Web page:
Are Vaccines worth it? Literature & Language Essay (Essay Sample)
Researched argument essay. My position is that vaccines are worth it
• Assignment # I- Researched argument essay a. Due date ftUj^pjgjL . b. Number of pages-8 to 10 pages.
c. The researched argument essay should be submitted in a hard copy.
d The researched essay carries 40% of the whole grade and the gradating rubric is attached here with, e. The researched essay should be presented in the following structure:
Introduction • Introduces the topic,
- Provides the research problem that will be addressed by the research.
- Clearly states the claim or the thesis statement,
- Presents brief description of the sub-sections of the research.
A. Section one
- Provides the literature review or background reading on the topic (issue),
- More information from secondary sources.
B. Section two
• Presents at least one primary source, i.e. data collected through interview, questionnaire, survey, Held trip, etc.
C. Section three
- Presents the analysis by the researcher on the basis of data collected from primary and secondary sources,
- Presents the opinion and position of the researcher on the topic. Your final position, or claim or thesis, on the topic should be given based on the analysis done in the research.
Conclusion and recommendations - Brief concluding remarks to be followed by recommendations.
- Works cited- Ten sources (use MLA format)
e. There will be a short (five to ten minutes) presentation on the highlights, conclusion and recommendations of the researched essay. Details on the presentation will be announced later.
f. The draft of the Researched Argument easay is due on April YZOZO.
Student Name 1
Typically, vaccines are mulled at as ancillary, if not unnecessary, precaution. The growing costs of healthcare, coupled by major awareness gaps, have relegated vaccines to background. In recent years, younger households show declining interest in vaccines. The absence of vaccination in employment healthcare benefits has also contributed to current awareness challenge. Notably, emergency and intensive care assume appear to higher priority in US healthcare system. In contrast, protective measures, critical for personal and public healthcare, are, as in vaccines, relegated to background (Gurvits at al.) and are increasingly shown to reflect a dwindling appreciation of vaccines as critical preventive medical intervention (Briggs at al.). The debate over vaccines is divided largely over cost – at major stake to overall personal and public health. By muting equally, if not more, reasons why vaccines are essential, opponents of vaccines characterize, intentionally or not, a major healthcare challenge. Specifically, vaccination is protection. By failing to adopt proper protective measures to ensure personal and public health, individuals and communities face major risks in every possible and imaginable, or not, sense.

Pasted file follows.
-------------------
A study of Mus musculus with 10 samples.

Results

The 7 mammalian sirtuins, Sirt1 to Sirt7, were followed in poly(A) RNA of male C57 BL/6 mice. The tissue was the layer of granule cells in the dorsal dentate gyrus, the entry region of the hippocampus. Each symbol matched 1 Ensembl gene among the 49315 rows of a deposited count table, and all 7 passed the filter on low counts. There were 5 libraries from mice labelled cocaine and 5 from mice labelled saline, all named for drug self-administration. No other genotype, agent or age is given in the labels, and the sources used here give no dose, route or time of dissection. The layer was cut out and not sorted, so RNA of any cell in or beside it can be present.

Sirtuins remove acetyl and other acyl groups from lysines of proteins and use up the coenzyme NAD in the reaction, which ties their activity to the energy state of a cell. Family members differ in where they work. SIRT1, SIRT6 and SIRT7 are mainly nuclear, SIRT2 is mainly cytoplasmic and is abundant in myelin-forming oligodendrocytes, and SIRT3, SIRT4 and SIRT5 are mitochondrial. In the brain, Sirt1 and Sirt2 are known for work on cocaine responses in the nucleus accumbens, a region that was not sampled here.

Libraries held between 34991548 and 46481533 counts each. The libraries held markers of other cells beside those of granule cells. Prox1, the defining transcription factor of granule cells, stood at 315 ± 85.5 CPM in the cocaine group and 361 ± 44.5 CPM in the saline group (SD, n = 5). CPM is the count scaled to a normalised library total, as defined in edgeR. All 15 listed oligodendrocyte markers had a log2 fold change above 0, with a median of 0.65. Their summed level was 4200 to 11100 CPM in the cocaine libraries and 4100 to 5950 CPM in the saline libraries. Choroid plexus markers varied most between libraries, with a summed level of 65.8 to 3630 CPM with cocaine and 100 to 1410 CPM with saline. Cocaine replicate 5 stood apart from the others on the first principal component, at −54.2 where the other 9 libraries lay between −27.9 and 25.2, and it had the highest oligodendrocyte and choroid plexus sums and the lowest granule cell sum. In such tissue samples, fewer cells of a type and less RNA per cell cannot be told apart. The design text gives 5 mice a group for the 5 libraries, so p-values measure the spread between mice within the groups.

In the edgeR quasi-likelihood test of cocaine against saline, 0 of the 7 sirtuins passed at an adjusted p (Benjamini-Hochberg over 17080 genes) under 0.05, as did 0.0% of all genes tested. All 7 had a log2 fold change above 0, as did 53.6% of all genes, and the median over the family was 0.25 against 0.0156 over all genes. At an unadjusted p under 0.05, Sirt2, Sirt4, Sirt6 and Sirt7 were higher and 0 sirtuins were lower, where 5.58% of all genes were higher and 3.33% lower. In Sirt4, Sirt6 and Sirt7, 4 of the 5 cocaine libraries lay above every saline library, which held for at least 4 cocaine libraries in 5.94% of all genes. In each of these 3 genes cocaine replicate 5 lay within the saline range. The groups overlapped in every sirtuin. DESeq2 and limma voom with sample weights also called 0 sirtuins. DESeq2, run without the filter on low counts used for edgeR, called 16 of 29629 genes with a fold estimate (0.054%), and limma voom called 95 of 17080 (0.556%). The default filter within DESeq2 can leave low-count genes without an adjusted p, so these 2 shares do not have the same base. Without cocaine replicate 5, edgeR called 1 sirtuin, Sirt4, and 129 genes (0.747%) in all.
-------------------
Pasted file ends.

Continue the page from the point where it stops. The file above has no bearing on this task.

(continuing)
First, vaccinations offer protection against potential health risks. This is particularly important for more vulnerable populations including senior patients, pregnant women and
Student Name 2
children. Second, vaccination is cost-effective. As every reasonably educated person knows, early protection saves later higher healthcare costs. Third, vaccination helps protect personal and public health against potential complications and conditions made more complex given country’s diversity. That is, since different racial groups develop different immunities against various diseases and conditions, failing to respond adequately to different protection needs is not only a healthcare risk but, more important, a questionable ethical, if not legal, issue. Fourth, vaccination, from a public health perspective, is a national security issue. Understandably, healthy communities are not only more productive but, more important, are lesser burdens on national healthcare system and, even more important, are capable of enduring a range of non-health risks (e.g. natural disasters, and wars) in more agile and adaptive ways. Interestingly, a growing body of research now shows how challenges in upcoming decades are less about man-made disasters and more about natural, particularly epidemic, challenges. The combination of climate change, rapidly growing populations, and increasingly deteriorating urbanity conditions lays bare what is actually at stake.